Last updated on January 29th, 2018 at 03:19 pm
What Listening Is/ Does
“We should all know this: that listening, not talking, is the gifted and great role, and the imaginative role. And the true listener is much more believed, magnetic than the talker, and he is more effective and learns more and does more good. And so try listening. Listen to your wife, your husband, your father, your mother, your children, your friends, to those who love you and those who don’t, to those who bore you, to your enemies. It will work a small miracle. And perhaps a great one.” – Brenda Ueland
How to Improve
“Let us start with the principle that there will always be a Presenter and a Listener in any discussion. A good listener allows the presenter to talk without interrupting. The good listener asks questions to understand the presenter. The listener sticks with their role as a Listener until the presenter feels heard and understood.”
1. Be The Last to Speak
2. Assume the Best
3. Be an Active Listener
Active listening takes place when a listener focuses his full attention on the speaker, avoids interrupting the speaker, remains nonjudgmental and shows genuine interest in the speaker. In addition to hearing the words, full attention allows the listener to understand what’s being implied and read nonverbal clues such as body language and facial expressions that may contradict verbal words. Fully engaging in the discussion or conversation is one of the most important aspects of active listening. An open, inviting posture and occasional small verbal comments such as “yes” or “I understand” can help uncover the root of most problems. – by Jackie Lohrey on smallbusiness.chron.com
Here’s a little test. Try listening for just one day to someone you are close to: your husband or wife, child or parent. Try really listening to a difficult business colleague or client. And when they finish, don’t let your self-assertion jump in with “yes, but…..”. Get rid of the word “but” altogether, it only serves to negate everything the person you are listening to has just said. Instead, if you do say anything, try asking “What else?” – How Important Is Listening, Really? By Christina Holbrook McEntee on Forbes.com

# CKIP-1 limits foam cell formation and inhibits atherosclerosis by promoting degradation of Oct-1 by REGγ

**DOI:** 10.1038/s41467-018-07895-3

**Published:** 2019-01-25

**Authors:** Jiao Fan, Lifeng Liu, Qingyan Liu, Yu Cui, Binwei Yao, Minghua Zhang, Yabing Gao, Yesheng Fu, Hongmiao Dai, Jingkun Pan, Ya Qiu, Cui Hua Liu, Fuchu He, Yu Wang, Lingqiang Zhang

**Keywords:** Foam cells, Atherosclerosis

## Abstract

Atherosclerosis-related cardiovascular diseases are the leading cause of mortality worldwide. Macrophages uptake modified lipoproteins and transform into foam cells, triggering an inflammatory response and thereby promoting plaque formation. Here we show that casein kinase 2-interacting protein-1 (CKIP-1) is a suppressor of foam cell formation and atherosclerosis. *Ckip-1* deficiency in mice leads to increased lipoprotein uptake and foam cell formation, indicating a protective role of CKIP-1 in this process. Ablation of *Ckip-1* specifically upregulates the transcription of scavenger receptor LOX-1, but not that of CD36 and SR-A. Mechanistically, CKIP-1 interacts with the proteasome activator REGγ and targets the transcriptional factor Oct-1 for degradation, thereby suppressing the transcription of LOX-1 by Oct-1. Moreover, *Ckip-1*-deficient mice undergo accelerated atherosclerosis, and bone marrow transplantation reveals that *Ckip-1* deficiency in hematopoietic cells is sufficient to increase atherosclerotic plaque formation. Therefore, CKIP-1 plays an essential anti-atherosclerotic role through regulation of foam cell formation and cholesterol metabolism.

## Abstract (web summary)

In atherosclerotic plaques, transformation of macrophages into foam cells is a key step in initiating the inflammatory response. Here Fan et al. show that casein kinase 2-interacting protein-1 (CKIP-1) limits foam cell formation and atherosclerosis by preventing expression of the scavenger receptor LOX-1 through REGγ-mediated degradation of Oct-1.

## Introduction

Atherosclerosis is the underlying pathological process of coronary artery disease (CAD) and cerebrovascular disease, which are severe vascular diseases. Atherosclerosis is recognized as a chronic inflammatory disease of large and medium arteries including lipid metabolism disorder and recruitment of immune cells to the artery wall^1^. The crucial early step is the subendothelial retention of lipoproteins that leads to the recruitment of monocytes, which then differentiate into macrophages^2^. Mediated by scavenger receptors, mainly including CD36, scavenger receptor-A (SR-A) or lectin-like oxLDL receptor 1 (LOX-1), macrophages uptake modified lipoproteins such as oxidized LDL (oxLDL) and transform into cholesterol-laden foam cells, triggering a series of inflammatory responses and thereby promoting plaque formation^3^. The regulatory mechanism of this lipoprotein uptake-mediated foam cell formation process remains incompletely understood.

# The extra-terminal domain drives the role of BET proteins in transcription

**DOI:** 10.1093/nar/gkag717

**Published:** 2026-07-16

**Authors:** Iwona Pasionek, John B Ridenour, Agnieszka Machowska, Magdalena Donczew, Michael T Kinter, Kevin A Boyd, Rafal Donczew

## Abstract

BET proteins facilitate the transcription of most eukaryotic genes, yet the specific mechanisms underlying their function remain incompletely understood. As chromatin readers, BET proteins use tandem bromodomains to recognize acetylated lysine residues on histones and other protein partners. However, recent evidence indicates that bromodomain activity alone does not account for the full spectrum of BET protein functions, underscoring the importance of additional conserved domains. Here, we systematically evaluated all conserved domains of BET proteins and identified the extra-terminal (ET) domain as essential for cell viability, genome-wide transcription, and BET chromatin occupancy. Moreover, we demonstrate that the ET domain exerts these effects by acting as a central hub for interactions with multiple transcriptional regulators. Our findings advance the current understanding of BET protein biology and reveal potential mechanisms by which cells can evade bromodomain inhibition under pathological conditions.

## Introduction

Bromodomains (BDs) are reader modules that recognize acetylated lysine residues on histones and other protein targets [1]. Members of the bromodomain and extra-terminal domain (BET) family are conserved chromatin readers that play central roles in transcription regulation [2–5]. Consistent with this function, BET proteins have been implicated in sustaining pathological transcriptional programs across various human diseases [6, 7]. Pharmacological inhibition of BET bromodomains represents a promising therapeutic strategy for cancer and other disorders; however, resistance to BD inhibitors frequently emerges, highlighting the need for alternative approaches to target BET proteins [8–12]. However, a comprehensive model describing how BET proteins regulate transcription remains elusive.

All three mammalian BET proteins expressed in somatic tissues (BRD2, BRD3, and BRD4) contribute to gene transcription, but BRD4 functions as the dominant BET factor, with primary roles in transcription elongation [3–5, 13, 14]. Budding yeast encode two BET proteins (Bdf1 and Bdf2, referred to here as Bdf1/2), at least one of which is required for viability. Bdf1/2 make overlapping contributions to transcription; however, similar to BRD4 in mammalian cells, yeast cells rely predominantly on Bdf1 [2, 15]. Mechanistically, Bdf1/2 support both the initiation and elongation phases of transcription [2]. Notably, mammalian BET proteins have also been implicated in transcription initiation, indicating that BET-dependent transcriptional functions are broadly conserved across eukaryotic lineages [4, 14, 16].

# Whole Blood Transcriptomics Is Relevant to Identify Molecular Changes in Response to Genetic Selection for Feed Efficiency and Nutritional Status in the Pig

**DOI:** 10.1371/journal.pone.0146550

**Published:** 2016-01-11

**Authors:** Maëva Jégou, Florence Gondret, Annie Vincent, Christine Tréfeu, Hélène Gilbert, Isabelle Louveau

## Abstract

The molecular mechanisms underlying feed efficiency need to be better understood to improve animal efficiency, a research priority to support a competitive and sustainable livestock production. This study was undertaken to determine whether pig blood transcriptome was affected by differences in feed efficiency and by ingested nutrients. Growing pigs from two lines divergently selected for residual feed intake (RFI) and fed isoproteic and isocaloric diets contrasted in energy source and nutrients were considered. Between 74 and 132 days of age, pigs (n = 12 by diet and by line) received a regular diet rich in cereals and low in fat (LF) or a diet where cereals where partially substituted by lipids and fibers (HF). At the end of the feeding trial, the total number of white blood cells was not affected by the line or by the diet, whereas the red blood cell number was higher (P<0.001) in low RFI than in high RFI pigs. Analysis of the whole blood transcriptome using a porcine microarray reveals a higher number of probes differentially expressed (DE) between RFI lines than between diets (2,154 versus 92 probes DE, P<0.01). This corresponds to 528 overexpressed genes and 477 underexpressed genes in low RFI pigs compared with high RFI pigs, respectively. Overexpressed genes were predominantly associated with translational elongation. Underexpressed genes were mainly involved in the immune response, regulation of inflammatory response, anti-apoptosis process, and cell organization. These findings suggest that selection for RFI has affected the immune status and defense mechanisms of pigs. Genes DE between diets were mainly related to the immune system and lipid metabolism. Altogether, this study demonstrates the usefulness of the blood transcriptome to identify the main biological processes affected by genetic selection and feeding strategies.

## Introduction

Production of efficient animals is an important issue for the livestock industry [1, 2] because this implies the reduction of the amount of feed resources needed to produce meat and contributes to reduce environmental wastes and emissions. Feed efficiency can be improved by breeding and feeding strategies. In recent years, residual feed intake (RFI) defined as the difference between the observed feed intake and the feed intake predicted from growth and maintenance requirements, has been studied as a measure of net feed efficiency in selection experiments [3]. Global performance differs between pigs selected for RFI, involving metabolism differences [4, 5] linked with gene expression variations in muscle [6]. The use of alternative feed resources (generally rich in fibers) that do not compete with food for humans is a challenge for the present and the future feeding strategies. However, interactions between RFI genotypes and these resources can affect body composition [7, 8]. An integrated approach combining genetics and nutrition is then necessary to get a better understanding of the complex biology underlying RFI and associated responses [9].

4. Get mentally and physically present.
The most important thing is to commit to being an intentional listener. This means putting your phone out of sight. Focusing on the speaker and not thinking about deadlines or to-dos. Be present.
Lea McLeod says, “If you’re sitting behind a desk, where it might be tempting to multitask, shut your laptop and move papers to the side. This tells the other person that you’re ready for the conversation.”
Here’s a less obvious tip (at least for me):
Physical movement is disrupting “Often, when you’re listening to someone, there’s a natural tendency to physically react to what he or she is saying, instead of simply letting it sink in. Perhaps you make a face, furrow your brows, or smile here and there. While you may think it demonstrates your interest in the conversation, all of these activities actually disrupt your ability to listen and the other person’s ability to be heard.” – Lea McLeod
“Offer uninterrupted speaking time: Instead, I suggest using a technique that mediators use when they facilitate conflict: Give the other person uninterrupted speaking time. It sounds simple, but here’s the catch: Your goal during this time is to listen with the intent of repeating back what’s said. When that is your objective, you’ll listen with a different intent (actually understanding what’s being said), instead of trying to interject your own thoughts. – Lea McLeod
Start off by practicing the tips mentioned above. Work on being the last to speak. Assume the best and hide your phone and any distractions when speaking with someone. These seem simple but are tough. I’ve tried to focus on each one and found it to be difficult. Soon, these habits will be so automatic you’ll find people coming towards you like a magnet!
“Improved listening skills will set you apart as a colleague and leader, as others start noticing that you take them seriously in your conversations. Start taking these steps to up your listening game, and you’ll up your career game, too.” – Lea McLeod
Francesca Phillips is a writer who recently moved back to States after living in Switzerland. In her previous life, she worked in the music industry for six years in Los Angeles. As an avid reader and holder of a degree in Psychology, she covers topics related to self-improvement, finding your purpose, and energy alignment. She’s a contributor for her own blog, Thought Catalog, and Medium. When she’s not inspiring creatives to be a light in the world you’ll find her traveling, hanging with her husband, and obsessing over dogs on Instagram.